How Paul Mescal’s football career quickly went exit stage left

Former Kildare manager Cian O’Neill had an early sign of actor’s promise

Paul Mescal in action for Kildare during the 2014 Leinster MFC Final. Photograph: Cathal Noonan/Inpho

Paul Mescal in action for Kildare during the 2014 Leinster MFC Final. Photograph: Cathal Noonan/Inpho


Ex-Kerry coach O’Neill held trials after landing the Kildare job in late 2015 and underage star Mescal was included.

The Maynooth defender won a Leinster minor medal in 2013, captained the team in 2014 and then impressed with the under-21s.

O’Neill said Mescal “lived up to every expectation I had of him” and was poised to star alongside his father in a Kildare GAA fundraiser called ‘The Broadway Challenge’ over Christmas 2015.

But after several weeks of pre-season training the Lir Academy student at Trinity University had to leave the panel to concentrate on his career.

“It’s a funny story, Kildare had dropped down from Division 1 to Division 3 when I came in and the budget would have been quite low,” said O’Neill, currently coaching Cork. “The county board had to be prudent considering we were in Division 3 but I wanted to bring a backroom team in that I felt merited the level we wanted to take Kildare to. So we said we’d do some fundraising ourselves and we embarked on this Broadway Challenge, a musical.

Paul Mescal (Connell) co-stars with Daisy Edgar Jones (Marianne) in Normal People. Photographer: Enda Bowe/Element/RTÉ
Paul Mescal (Connell) co-stars with Daisy Edgar Jones (Marianne) in Normal People. Photographer: Enda Bowe/Element/RTÉ

“Players were grouped by region and were asked to get five friends or family together and to create a Broadway show. Paul is from Maynooth so there was a Maynooth and Celbridge group and one of the people they brought into their team was Paul’s father, who is an amateur stage actor.

“That was pretty exciting, even at the time we knew Paul was going places so here we had this future international star along with his very talented father.

“It was going along nicely but the pressure had come on him that it was basically either football or his acting career. I think there were a couple of major stage pieces coming up that he couldn’t risk being injured for so unfortunately about halfway through pre-season he had to make the decision to step away.

“If I remember correctly, he made the decision to step away because of the risk, which was understandable. So he didn’t get the chance to grace the stage for Kildare GAA.”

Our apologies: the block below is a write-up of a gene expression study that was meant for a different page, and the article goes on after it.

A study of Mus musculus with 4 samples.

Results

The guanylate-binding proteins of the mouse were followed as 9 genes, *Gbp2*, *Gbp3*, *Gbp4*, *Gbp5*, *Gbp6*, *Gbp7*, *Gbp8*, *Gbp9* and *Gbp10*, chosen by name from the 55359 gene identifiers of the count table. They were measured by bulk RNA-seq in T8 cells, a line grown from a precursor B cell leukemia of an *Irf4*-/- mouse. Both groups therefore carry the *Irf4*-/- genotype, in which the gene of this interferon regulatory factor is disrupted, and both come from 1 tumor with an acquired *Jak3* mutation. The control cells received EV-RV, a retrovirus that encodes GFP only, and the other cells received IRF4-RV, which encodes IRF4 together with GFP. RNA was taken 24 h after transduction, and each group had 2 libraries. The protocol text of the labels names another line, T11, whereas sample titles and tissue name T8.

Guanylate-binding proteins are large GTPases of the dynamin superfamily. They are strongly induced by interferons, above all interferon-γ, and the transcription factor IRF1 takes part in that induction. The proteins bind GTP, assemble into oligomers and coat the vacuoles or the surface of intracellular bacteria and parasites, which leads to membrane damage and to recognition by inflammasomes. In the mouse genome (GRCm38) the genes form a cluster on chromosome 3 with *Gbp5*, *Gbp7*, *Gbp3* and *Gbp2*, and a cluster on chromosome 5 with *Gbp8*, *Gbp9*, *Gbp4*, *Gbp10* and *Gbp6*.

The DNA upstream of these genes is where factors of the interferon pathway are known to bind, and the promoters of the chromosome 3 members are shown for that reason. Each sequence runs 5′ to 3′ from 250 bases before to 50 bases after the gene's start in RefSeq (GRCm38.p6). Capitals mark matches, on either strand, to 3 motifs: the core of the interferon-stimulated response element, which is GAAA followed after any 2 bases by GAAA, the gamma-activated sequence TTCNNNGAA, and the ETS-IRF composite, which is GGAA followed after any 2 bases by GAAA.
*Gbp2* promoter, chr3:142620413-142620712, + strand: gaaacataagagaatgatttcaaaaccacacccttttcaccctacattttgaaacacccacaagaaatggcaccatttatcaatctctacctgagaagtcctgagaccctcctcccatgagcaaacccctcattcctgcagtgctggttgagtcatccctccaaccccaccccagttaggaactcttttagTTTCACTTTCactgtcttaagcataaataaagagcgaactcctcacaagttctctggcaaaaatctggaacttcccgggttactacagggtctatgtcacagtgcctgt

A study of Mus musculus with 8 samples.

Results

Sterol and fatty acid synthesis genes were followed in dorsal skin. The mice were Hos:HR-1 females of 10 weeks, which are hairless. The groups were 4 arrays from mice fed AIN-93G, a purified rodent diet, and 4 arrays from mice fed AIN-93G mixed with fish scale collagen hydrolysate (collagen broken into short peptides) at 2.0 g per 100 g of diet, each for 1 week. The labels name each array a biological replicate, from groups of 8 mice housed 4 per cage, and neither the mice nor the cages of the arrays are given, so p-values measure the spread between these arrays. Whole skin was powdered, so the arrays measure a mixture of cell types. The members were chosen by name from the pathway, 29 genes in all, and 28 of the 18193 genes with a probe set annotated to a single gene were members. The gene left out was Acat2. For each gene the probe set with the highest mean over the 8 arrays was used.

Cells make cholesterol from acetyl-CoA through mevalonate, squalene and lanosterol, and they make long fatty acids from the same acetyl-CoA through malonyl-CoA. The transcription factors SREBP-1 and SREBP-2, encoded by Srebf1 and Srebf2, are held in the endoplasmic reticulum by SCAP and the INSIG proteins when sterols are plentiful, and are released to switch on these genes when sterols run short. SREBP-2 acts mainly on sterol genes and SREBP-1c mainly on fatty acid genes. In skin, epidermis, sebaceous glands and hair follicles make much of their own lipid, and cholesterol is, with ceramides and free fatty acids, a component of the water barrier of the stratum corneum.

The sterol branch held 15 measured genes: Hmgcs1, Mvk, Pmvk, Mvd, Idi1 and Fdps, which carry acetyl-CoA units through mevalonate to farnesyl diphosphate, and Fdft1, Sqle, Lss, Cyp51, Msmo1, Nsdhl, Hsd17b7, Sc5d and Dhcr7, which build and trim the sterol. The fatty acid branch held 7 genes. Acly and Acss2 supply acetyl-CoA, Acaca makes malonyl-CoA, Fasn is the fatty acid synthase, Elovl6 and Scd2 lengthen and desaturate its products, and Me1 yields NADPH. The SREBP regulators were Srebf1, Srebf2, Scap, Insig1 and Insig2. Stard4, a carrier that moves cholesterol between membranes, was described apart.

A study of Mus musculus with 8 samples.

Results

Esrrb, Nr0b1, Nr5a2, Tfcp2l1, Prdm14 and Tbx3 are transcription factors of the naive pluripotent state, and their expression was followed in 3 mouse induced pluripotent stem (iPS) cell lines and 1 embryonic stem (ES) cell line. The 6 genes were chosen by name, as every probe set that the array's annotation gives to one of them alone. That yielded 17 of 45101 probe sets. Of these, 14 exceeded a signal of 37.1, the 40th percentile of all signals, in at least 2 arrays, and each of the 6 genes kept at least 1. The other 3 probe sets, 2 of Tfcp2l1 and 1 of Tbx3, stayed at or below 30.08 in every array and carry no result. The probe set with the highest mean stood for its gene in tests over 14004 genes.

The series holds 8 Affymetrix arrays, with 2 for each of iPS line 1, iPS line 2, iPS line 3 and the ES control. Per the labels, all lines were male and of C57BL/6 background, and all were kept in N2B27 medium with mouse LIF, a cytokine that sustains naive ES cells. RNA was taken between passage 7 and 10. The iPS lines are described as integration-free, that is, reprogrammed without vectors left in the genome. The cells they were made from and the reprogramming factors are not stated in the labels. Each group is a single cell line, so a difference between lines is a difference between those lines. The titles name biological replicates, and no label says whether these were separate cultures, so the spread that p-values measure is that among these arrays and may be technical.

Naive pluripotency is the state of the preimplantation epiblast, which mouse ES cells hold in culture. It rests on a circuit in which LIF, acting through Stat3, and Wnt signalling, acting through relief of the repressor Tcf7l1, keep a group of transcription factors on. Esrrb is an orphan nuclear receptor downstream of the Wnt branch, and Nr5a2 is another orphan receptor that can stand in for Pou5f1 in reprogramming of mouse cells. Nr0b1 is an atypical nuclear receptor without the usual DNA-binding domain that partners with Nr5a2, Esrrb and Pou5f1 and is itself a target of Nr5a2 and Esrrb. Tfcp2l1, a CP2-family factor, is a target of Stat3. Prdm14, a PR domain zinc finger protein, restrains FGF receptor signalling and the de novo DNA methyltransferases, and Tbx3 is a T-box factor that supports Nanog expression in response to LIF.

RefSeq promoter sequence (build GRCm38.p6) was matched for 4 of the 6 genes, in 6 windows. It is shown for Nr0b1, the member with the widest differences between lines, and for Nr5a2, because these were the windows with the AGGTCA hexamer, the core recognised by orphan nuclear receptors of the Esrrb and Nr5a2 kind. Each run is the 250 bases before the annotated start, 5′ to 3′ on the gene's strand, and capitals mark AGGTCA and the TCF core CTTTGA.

It also meant that Mescal missed out on gracing the greatest GAA stage of all, Croke Park.

O’Neill guided Kildare to the Division 3 final at Croke Park that April and they returned to GAA Headquarters twice that summer.

Mescal’s former minor boss Brendan Hackett said he was destined to be a star centre-back, like county legend Glenn Ryan.

“It was my first year managing Kildare so I held trials,” said O’Neill. “Paul would have been a standout player with the under-21s so he was selected for the pre-season squad.

“First and foremost, I was very impressed with his maturity, he was mature beyond his years for someone that young. Physically, he was very developed and very strong, he was strong in the tackle and a tight marker.

“I put him in the exact same vein as how I would have viewed Mark Dempsey coming up through the ranks in Kildare. Mark played every game in last year’s Championship. Who can say anything for certain but my personal belief is that Paul would have went on to have a very long and impressive career.

“If you talk to any county manager, they’ll tell you good full-back line players are a lot less prevalent than forwards or midfielders. It’s very hard to get good, quality inside defenders and Paul ticked all the boxes there. I certainly would have seen great things for him and a bright future, no question. His attitude was the primary thing, on and off the field, and his calmness in possession was remarkable, for a lad of 19 or 20.”

Mescal is still just 24 so has time on his side if he ever chooses to revive his inter-county career.

O’Neill, who also had successful stints with Mayo and the Tipperary hurlers, said: “It’s not as if he’s walked away from it totally. Acting is his priority but over the last number of years he would have been dipping in and out of club football. He certainly had all the skills and from watching him on TV this week he’s kept himself in good condition.”